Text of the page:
Holiday Hospitality and Holiness
This one was a an older couple’s large house. It took them 6 hours to properly decorate the place with large swaths of red, lots of tinsel, mistletoe, holly on the chandeliers, a large Christmas tree pine by the grand piano etc, and it was lovely:
Christmas Day lunch at mine – we collected everyone who didn’t have a place to go after the Christmas Day Service and brought them home. Managed to squeeze 18 people around two tables in our small (and very messy) kitchen:
The first of many to stay in our living room this Christmas was a south-east asian girl – a friend of someone I’d met at New Word Alive earlier this year. She had a refreshingly bottomless stomach and there were good conversations over many 3rd/4th helpings:
On Boxing Day, she surprised us by bursting into tears as she said her goodbyes, sobbing that she was overwhelmed that strangers would welcome her into their house, feed her so well, and take good care of her. Sensitive as ever, I just pointed at her and laughed. A housemate was kinder and explained that Christians show love to strangers because of the love first shown to us by Jesus, who loved the unloveable.
It hadn’t occurred to me that hospitality was a particularly Christian thing to do. But there it is in Romans 12:13 – “Contribute to the needs of the saints and seek to show hospitality” and in 1 Peter 4:9 – “Show hospitality to one another without grumbling”, the Greek for “hospitality” (“philozenia”), if the commentators are to be believed, being a portmanteau of philos (meaning “affection”) and zenos (meaning “stranger”).
Of course the glossies and foodie shows spur us to a form of hospitality that is more performance than service – the wonderful decor and table settings, the well-plated food, the atmosphere either of understated sophistication or carefully curated comfort. This entertainment is, in its way, delightful, but domestic goddess-ness is probably not the hospitality envisaged by the Bible writers.
In Scripture, hospitality:
- seems to be directed in the context of love – an expression of having received God’s love and an expression of Christian love to others;
- primarily to other Christians (though not of the same local church)(Romans 12, 1 Peter 4, Hebrews 13); and
- appears to encompass the provision of lodging and food to strangers, tending to the sick, visiting people in prison (Matthew 25:31-46), and including aliens (not necessarily of the green-with-antennae variety) in communal meals.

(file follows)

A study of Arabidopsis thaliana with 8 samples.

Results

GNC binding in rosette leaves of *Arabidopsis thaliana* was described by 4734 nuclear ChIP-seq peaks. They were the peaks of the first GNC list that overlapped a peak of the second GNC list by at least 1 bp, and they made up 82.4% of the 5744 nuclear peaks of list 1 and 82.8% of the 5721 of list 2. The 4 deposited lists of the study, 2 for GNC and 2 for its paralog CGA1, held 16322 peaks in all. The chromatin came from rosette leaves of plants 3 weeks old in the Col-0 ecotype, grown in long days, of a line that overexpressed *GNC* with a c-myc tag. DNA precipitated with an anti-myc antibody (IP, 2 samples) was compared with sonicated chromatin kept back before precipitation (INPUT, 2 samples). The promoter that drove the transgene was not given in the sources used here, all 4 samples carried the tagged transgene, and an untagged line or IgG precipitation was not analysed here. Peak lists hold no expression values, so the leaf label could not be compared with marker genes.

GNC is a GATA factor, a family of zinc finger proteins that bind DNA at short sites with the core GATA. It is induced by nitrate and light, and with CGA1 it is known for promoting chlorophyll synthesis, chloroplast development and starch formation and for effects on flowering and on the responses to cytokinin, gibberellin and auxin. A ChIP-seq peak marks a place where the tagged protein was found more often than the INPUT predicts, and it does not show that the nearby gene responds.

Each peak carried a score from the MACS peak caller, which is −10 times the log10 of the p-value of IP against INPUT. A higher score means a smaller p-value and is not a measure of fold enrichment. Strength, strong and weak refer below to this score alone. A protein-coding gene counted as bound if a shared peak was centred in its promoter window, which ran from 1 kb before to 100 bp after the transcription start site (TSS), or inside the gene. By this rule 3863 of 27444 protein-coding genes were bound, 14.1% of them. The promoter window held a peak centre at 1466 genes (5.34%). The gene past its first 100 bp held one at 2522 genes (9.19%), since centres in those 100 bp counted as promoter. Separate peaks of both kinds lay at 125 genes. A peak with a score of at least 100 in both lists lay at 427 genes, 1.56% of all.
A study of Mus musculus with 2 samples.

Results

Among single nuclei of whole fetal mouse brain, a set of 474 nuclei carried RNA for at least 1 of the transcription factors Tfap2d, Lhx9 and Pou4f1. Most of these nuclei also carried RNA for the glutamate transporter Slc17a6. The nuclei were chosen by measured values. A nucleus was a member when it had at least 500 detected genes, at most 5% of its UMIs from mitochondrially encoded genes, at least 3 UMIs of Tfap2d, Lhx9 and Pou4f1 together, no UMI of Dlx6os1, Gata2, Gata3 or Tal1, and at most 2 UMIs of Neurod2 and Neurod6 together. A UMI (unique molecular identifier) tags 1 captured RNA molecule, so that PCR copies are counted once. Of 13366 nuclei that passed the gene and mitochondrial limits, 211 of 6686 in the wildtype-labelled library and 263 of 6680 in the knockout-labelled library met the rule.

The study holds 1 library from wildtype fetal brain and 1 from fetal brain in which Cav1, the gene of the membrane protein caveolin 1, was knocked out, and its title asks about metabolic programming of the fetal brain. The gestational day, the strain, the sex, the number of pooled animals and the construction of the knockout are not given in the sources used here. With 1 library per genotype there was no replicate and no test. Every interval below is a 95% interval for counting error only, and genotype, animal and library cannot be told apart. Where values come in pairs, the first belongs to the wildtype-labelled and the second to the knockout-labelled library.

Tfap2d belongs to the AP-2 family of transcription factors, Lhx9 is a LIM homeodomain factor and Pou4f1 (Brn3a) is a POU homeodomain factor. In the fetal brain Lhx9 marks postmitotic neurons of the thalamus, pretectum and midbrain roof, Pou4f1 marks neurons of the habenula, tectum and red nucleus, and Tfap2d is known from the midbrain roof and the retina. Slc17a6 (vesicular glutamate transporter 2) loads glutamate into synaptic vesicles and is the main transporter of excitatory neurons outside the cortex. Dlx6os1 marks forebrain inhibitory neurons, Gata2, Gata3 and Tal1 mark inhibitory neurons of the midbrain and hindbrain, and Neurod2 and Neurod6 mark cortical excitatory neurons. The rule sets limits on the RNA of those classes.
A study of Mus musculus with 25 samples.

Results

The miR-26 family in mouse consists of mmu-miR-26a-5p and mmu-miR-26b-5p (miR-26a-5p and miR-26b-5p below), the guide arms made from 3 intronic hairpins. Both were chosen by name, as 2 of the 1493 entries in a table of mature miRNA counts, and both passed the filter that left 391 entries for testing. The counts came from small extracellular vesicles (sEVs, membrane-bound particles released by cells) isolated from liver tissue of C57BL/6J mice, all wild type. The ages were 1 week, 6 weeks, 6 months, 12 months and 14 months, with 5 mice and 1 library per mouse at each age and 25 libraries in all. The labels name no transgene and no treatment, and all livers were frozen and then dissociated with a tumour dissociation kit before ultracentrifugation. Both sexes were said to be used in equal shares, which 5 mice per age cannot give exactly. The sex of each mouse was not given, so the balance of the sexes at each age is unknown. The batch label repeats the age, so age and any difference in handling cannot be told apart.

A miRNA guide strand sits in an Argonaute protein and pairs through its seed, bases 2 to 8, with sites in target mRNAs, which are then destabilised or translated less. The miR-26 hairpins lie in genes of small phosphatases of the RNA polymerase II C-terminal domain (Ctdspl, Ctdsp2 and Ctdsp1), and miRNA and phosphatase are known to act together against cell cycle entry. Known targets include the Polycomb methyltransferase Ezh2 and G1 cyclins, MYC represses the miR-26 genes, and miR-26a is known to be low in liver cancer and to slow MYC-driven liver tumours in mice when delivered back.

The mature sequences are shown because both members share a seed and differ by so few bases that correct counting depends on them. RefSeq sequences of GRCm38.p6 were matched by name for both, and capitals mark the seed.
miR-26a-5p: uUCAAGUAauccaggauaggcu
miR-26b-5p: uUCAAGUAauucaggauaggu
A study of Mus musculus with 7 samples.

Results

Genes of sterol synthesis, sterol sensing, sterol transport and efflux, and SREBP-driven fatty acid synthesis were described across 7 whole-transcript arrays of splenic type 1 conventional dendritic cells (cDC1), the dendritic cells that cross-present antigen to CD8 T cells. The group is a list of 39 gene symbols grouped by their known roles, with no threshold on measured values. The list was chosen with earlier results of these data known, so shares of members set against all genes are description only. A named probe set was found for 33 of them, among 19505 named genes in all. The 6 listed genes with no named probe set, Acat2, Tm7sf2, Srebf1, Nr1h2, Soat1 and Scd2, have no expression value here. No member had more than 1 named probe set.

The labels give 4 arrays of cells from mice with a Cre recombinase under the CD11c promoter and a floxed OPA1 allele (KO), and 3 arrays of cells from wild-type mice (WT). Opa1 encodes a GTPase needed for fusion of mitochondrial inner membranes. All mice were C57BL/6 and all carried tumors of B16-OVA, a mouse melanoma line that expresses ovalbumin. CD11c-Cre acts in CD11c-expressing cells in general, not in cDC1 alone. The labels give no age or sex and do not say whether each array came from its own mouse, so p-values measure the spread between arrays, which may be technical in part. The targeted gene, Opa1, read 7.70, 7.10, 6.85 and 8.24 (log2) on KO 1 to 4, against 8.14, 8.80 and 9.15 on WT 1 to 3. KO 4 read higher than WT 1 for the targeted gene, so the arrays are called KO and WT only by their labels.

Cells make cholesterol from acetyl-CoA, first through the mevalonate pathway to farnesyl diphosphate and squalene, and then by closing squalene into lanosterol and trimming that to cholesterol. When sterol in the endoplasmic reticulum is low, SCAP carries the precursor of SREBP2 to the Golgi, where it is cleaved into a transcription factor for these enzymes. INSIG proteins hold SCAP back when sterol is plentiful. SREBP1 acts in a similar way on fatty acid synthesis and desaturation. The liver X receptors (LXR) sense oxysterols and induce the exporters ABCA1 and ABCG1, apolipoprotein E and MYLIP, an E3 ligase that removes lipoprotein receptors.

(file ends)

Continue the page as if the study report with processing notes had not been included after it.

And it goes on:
If hospitality is about the home, the food may not be top quality (although one should probably not, as I accidentally did, feed expired milk to one’s guest…twice…). The house may be a bit of a mess, and the bedclothes mayn’t match. There will probably not be anything outstanding for one’s guest to tweet or blog or update their Facebook status about. The disorderliness of the house would preclude any interest from Pininterest. But the focus isn’t on the host(ess) but the guest and his/her comfort.
And so how one views one’s God-given accommodation and assets would also be different – not a little Hobbit-hole into which we retreat to and jealously guard from the world but a sacrificially open door for brothers and sisters and so treated as such: a living room fitted with ugly but practical sofa-beds, a cumbersome but good stash of folding chairs and stacking stools for large gatherings, etc.
As a housemate and I were eating the leftovers with a rack of grilled ribs the day after, we chatted about this whole hospitality thing, understanding that it was the outflow of a relationship with God would require different changes of mindset from different groups of people. The housemate serves a group that consists of young working adults who are ethnically Chinese, most Mandarin-speaking; I serve people who range from their 20s to 80s, and are mostly ethnically Caucasian and from the United Kingdom. It could be that one group would have to be encouraged to keep showing hospitality but be made to understand that this isn’t just courtesy and a sign of a well-brought-up individual but a command from God. And the other group might have be to encouraged to look at their living space and other assets (including time, energy, comfort) less self-centredly. But of course, courses for horses.